If you’re considering a new life in France, then it pays to know ahead of time what you’ll need to bear in mind when it comes to driving as an expat on French roads. It may well be that you’ve driven in France plenty of times during your holidays over the years, but making sure you stay on the right side of the law as a resident is arguably even more important. In order to help you, we’ve put together this article that will give you a good overview of what your obligations are.
Your driving licence
As a UK resident moving to France, in order to drive on the right side of the law in France, you need to have a valid and current UK drivers licence and you must be over the minimum driving age in France which is 18 years old. And needless to say, if there are any medical notes outlined on your drivers licence, you need to comply with them, even when driving in France.
Under normal circumstances, there will be no requirement for you to change your licence to a French licence unless it expires or is lost or stolen. That said, you only need to look on the expat forums to see that there are various incidences where French police have put pressure on drivers with UK licences who have committed offences (such as speeding) to change their licences to French licences so that points can be withdrawn. Yes, withdrawn…in France, your licence starts with 12 points and offence penalties are withdrawn. When you have no points left, you lose the legal right to drive.
Again whether or not you need to import your UK car into France when you become resident is a point of much discussion. There are various sources of information online that will suggest loopholes about to how to avoid importing your car to France, but if you want to do things by the book, then the likelihood is that it’s best to import your car and equip it with its French number plates.
Doing this is relatively straightforward and involves a visit to the Prefecture where they will provide you with all the paperwork you need. Once this paperwork has been completed, you’ll be provided with what was previously called a carte grise and is now called a Certificat d’Immatriculation, which is the official document for your car in France that you’ll need to provide for insurance, repairs and if you’re stopped by the police.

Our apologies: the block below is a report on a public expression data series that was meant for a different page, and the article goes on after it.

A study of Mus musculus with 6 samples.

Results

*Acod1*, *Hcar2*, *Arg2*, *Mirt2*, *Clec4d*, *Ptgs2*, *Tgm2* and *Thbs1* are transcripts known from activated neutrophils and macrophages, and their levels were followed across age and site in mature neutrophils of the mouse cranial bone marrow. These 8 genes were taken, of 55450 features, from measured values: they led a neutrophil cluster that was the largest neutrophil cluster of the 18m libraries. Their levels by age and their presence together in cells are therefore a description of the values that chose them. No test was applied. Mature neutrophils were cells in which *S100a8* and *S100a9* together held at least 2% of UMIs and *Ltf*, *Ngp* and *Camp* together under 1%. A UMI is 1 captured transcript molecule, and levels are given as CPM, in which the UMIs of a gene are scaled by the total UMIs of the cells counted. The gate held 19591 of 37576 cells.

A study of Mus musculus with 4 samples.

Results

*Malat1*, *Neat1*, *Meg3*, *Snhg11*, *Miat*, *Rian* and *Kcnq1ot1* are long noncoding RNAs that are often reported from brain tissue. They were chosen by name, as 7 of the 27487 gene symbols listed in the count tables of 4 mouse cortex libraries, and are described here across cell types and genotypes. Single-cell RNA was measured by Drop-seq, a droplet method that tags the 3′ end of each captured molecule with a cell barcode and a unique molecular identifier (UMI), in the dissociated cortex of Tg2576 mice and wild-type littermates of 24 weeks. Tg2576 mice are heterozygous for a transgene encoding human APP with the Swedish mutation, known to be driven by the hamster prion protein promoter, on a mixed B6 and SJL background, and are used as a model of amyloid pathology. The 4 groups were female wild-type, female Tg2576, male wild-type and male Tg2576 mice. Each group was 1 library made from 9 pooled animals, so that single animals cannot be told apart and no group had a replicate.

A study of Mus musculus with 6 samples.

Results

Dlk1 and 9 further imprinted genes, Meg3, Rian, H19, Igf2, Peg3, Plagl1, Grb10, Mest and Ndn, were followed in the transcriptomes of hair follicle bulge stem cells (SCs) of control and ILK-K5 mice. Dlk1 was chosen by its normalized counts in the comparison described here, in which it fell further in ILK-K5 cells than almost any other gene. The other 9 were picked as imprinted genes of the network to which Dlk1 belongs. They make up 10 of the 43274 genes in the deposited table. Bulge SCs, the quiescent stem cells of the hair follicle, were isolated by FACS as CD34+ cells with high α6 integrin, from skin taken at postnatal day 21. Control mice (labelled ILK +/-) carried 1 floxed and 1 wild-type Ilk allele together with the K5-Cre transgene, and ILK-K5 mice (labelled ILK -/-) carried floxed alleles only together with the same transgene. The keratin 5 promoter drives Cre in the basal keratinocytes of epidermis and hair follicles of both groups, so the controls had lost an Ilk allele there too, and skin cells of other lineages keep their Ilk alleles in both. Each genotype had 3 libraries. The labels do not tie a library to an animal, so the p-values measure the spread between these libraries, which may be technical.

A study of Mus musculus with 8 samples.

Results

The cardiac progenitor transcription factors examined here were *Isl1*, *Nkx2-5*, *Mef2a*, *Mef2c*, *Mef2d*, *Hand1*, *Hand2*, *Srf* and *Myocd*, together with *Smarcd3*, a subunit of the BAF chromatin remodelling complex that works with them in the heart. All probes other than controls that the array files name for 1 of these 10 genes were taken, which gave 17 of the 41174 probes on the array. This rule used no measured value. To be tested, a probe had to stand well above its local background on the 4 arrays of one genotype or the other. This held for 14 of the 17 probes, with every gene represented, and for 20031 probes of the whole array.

When it comes to safety, your car needs to be roadworthy and needs to have insurance and (depending on its age) a valid Control Technique, equivalent of an MOT, as well as a spare wheel that’s fit for purpose, reflective jackets and a warning triangle/kit.
Driving safely on French roads
The French are as much fans of making money from speed traps as the UK and even deep in the countryside you’ll regularly come across a couple of gendarmes with a mobile speed camera, come rain or shine, so it’s well worth being vigilant and watching your speed. In France, the speed limits depend on which road you’re driving on as well as the weather conditions and they are as follows:
Although a common caricature of a Frenchman is that he’s driving home because he’s had too much red wine to be able to walk, the rules associated with drink driving in France are in fact strict. Anything over 50mg (80mg in the UK) of alcohol in your blood will give rise to a fine and the possibility of penalty points and the suspension of your licence. So however tempted you may be, drinking and driving in France is no better an idea than it is in the UK.
Mobile phones and seat belts
Rules regarding mobile phones and seatbelts in France are again as strict as they are in the UK, so make sure you don’t get caught out, be safe!
A great source of responses to all your driving questions in France is the website Bison Futé, it’s even got a translation in English nowadays.